The first clue that, no, Manu Ginobili did not invent the Eurostep should come from the move’s name. Ginobili isn’t from Europe. He’s from South America. And it’s not called the South Ameristep.
Perhaps it should be. The long, lateral move — step one way to get a defender leaning, then cut the other way into open space — was Ginobili’s signature, something he mastered, something that he brought into the mainstream.
In turn, it brought him to the Basketball Hall of Fame.
The four-time NBA champion with the San Antonio Spurs is one of the headliners for Saturday night’s enshrinement ceremony in Springfield, Massachusetts. Ginobili spent all 16 of his NBA seasons in San Antonio, partnering with Tim Duncan and Tony Parker to form a Big Three that was, and surely will remain, one of the best trios the league has ever seen.
“It’s something you never expect,” Ginobili said of entering the Hall. “You start playing ball because you love it, because it’s fun, because you’re there with your friends. ... And now, when I thought there were not going to be more surprises after my career was done, you get a recognition like this which makes you think, go back a little bit in time, and relieve your story, and it’s incredible.”
Ginobili isn’t the first international NBA player to make the Hall. He is, however, the first to be selected by the North American committee, which means he got into the Hall solely on the merits of his NBA career and not what he did playing internationally.
He’s quick to point out that he won’t be the last name on that list. Parker, Dirk Nowitzki and Pau Gasol will be getting their calls before long.
“I’m proud of being part of that generation that changed the way the game was played, the game was perceived, the international players were recognized,” Ginobili said. “It was fun to be part of that.”
The Spurs drafted Ginobili in 1999, when he was playing in Italy, and it took more than three years for him just to come to the NBA. It’s not like San Antonio had made a huge investment: Ginobili was the next-to-last pick in his draft class, 57th out of 58. And most of the players taken in the bottom 15 picks of that draft never played a single game in the NBA.
But in 2002, he showed up. With his Eurostep.
“I didn’t know what the hell it was,” Spurs coach Gregg Popovich said. “But it didn’t look right.”
Turns out, it was legal and lethal. The true measure of whether a move has captured the attention of NBA players comes by seeing if others have copied it and tried to put it into their own repertoires. And that’s been happening for two decades now.
Nobody knows for sure how the move truly originated, and Ginobili insists that he didn’t create it, either. The commonly held belief is that Lithuanian great Sarunas Marciulionis — a Hall of Famer himself, class of 2014 — brought it to the NBA.
But there isn’t much argument that Ginobili is the one who made it popular. Thing is, he can’t teach it very well, despite being asked countless times to do so over the years.
“I couldn’t exactly explain it,” Ginobili said. “Some basics of it, yes, but it was super natural, it was super instinctive.”
It’s not the move that got Ginobili into the Hall, though. It was the winning.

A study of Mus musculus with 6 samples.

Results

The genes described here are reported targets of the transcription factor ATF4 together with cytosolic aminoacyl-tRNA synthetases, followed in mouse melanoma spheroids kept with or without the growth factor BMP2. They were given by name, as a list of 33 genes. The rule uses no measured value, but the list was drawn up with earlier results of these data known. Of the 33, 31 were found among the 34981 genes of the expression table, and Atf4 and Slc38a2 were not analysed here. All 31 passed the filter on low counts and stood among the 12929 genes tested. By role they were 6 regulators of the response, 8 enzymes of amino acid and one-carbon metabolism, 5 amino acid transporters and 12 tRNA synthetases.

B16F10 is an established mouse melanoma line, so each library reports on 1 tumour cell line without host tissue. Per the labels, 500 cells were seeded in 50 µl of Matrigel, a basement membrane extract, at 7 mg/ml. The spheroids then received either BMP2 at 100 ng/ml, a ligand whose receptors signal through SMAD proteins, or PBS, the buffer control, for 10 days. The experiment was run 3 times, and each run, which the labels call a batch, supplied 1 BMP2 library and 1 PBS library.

When Ginobili played, the Spurs won. It’s that simple. They were 762-295 when Ginobili appeared during the regular season. That winning percentage of 72.1% is just a smidge better than the 71.9% posted by Duncan, who went into the Hall in 2020 and, fittingly, will present Ginobili this weekend.
Ginobili is one of two players (Bill Bradley being the other) to have won championships in the NBA, the Euroleague and the Olympics. He got four rings with the Spurs, the Euroleague title with Italian club Kinder Bologna in 2001, then led his native Argentina to Olympic gold at Athens in 2004. Ginobili had 29 points in the semifinal win over the U.S., outplaying everybody else who was on the court that day, Duncan included. The Americans haven’t settled for anything less than gold at any of the four Olympics that have been played since.
“It’s not just about individual accomplishments,” Ginobili said. “I never won a scoring championship, an MVP, even first-team. I’m here because of my surroundings, of the players I play with, of the coaches I’ve been coached with, and the organizations. I know I’ve been very lucky to have played with such teammates ... so definitely, I don’t take it as an individual achievement. It’s just that I’ve been in the right place, in the right time.”
Case in point: San Antonio.
Ginobili didn’t know what, or even where, San Antonio was when he first went there. He never left — it’s still home for Ginobili and his family. He works for the Spurs now, drives his three kids to and from school, takes them to Argentina for time with family every summer, and then it’s back to San Antonio.
“I didn’t know how I was going to pair up with Tony and Tim, play with David Robinson, being coached by Pop, so yeah, full of uncertainties,” Ginobili said. “And I wanted to do good, I wanted to help, I wanted to grow, but I wasn’t the No. 1, first pick, right? I was 57, so I knew that the odds of me staying for long here were not with me because it doesn’t usually happen. So, it turned out to be an incredible story and enjoyed 16 wonderful years.”
There’s another place that Ginobili hasn’t been: Springfield, Massachusetts.
He was with Duncan for his enshrinement two years ago, but because of the pandemic, that ceremony took place at a casino in Uncasville, Connecticut. Ginobili didn’t get to Springfield on that trip.
He’s there now. Forever.
“We knew we had a wild, competitive, young man who was in love with basketball and was quite athletic and just fierce,” Popovich said. “Just seemed to have no fear and do whatever it might be that he needed to do to win. He was a force of nature.”